People involved in white-collar crime may not realize that their actions violate federal law and put them at risk of fraud charges. Some people accused of fraud might not even personally benefit from their actions.
Physicians, practice managers and billing specialists in the medical field could all wind up implicated in insurance or medical billing fraud allegations through what they may see as basic business practices. Understanding certain common billing practices that constitute insurance fraud can help you identify if your employer has engaged in questionable behavior or if your own billing practices might be risky.
Medical practices can only bill for the exact services rendered
One of the most common forms of insurance fraud involves a doctor or biller charging for services that a patient didn’t receive. In some cases, a physician or someone involved in billing identifies a patient who likely won’t notice unusual charges popping up on their insurance. Older adults and people on state insurance are frequently targets of this kind of fraud. The provider will bill for services that the patient never received or appointments that never even happened.
Another form of fraud that is similar involves changing the description of the services provided in order to bill for a more expensive service than the care that a patient actually received while in an office.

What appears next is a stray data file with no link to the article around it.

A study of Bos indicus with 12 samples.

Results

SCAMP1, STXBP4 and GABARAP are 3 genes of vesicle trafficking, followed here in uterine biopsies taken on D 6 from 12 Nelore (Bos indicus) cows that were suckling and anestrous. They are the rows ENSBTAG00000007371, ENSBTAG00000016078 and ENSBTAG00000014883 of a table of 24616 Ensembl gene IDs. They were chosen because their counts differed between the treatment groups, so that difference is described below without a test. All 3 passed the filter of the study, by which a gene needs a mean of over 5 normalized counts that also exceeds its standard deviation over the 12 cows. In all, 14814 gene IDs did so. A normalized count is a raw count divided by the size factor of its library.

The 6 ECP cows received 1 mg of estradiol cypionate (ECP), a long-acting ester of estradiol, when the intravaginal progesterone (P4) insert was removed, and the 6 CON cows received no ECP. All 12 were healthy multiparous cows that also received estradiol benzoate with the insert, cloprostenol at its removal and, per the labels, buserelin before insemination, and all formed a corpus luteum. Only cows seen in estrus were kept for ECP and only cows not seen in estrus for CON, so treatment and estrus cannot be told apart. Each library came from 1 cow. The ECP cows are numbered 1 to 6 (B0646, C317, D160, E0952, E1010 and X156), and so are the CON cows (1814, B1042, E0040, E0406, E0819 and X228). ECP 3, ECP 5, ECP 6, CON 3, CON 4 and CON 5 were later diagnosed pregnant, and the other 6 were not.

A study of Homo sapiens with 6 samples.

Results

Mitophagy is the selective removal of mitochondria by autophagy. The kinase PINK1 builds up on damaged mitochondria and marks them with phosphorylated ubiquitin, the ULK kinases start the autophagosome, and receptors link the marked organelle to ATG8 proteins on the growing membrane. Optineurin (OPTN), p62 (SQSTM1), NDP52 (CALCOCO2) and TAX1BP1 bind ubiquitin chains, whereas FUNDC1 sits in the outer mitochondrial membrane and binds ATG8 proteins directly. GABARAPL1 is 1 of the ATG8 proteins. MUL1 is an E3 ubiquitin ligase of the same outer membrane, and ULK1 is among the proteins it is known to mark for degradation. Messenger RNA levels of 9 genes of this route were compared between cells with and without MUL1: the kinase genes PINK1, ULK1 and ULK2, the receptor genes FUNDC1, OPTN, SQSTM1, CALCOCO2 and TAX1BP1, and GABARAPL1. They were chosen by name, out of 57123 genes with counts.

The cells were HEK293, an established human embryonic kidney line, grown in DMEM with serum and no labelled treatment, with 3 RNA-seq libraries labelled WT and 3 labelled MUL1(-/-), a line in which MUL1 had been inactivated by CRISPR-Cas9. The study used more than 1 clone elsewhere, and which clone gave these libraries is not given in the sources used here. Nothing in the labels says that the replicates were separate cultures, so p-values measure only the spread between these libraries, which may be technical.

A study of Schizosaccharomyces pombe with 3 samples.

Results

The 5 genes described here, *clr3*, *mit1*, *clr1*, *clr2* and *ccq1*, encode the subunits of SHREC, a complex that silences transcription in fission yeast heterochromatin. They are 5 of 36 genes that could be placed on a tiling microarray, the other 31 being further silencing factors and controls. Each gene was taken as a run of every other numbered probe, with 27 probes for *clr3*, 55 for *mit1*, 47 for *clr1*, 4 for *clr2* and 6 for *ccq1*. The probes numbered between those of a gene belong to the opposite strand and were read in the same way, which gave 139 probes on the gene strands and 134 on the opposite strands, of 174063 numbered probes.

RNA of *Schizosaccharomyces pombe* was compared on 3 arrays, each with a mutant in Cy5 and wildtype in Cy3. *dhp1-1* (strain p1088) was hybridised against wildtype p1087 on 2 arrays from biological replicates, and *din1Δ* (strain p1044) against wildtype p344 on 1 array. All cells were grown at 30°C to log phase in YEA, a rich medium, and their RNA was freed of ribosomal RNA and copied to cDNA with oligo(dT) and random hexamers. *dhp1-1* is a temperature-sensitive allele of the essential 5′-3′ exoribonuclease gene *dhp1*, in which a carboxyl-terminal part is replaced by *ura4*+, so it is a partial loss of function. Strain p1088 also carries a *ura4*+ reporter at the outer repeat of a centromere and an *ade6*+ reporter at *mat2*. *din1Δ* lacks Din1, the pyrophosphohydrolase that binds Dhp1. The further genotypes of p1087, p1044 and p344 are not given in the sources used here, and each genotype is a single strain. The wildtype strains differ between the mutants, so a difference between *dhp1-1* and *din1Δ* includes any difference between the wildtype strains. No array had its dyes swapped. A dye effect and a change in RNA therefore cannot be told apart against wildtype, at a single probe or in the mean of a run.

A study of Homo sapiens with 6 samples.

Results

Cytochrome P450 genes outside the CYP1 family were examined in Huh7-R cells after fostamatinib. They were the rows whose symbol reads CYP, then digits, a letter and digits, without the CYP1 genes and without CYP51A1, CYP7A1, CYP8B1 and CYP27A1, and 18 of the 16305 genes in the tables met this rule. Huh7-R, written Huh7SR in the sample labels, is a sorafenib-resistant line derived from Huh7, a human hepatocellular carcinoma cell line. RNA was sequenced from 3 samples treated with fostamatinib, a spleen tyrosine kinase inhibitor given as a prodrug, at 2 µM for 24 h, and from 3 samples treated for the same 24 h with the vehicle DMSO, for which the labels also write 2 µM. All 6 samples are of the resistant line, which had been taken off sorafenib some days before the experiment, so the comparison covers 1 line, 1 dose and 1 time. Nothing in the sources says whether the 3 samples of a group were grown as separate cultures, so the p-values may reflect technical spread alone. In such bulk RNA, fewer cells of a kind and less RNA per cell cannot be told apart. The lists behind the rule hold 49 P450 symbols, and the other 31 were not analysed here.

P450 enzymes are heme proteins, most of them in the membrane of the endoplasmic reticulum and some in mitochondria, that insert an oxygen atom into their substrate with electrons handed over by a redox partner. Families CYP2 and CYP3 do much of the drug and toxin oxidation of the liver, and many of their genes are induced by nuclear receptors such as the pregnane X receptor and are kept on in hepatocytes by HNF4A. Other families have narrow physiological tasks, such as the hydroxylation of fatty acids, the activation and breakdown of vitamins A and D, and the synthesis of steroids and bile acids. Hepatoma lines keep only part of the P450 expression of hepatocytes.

Unbundling to maximize billing is also a form of fraud
Both government insurance programs and private insurance companies negotiate specific rates of compensation with in-network providers. The medical professionals or practices agree to accept a specific amount of compensation for their services in order to take that kind of insurance.
Often, services that go together, like anesthesia before a biopsy, will have a single billing code for the discounted rate negotiated as part of the contract. If the physician or their billing specialist intentionally separates out individual services that should get bundled together in order to maximize how much they charge, that could also result in fraud charges due to unbundling.
There are a host of other ways in which medical practices can charge more than they should for services they provide or otherwise take advantage of the insurance billing system for their profit and not the benefit of their patients.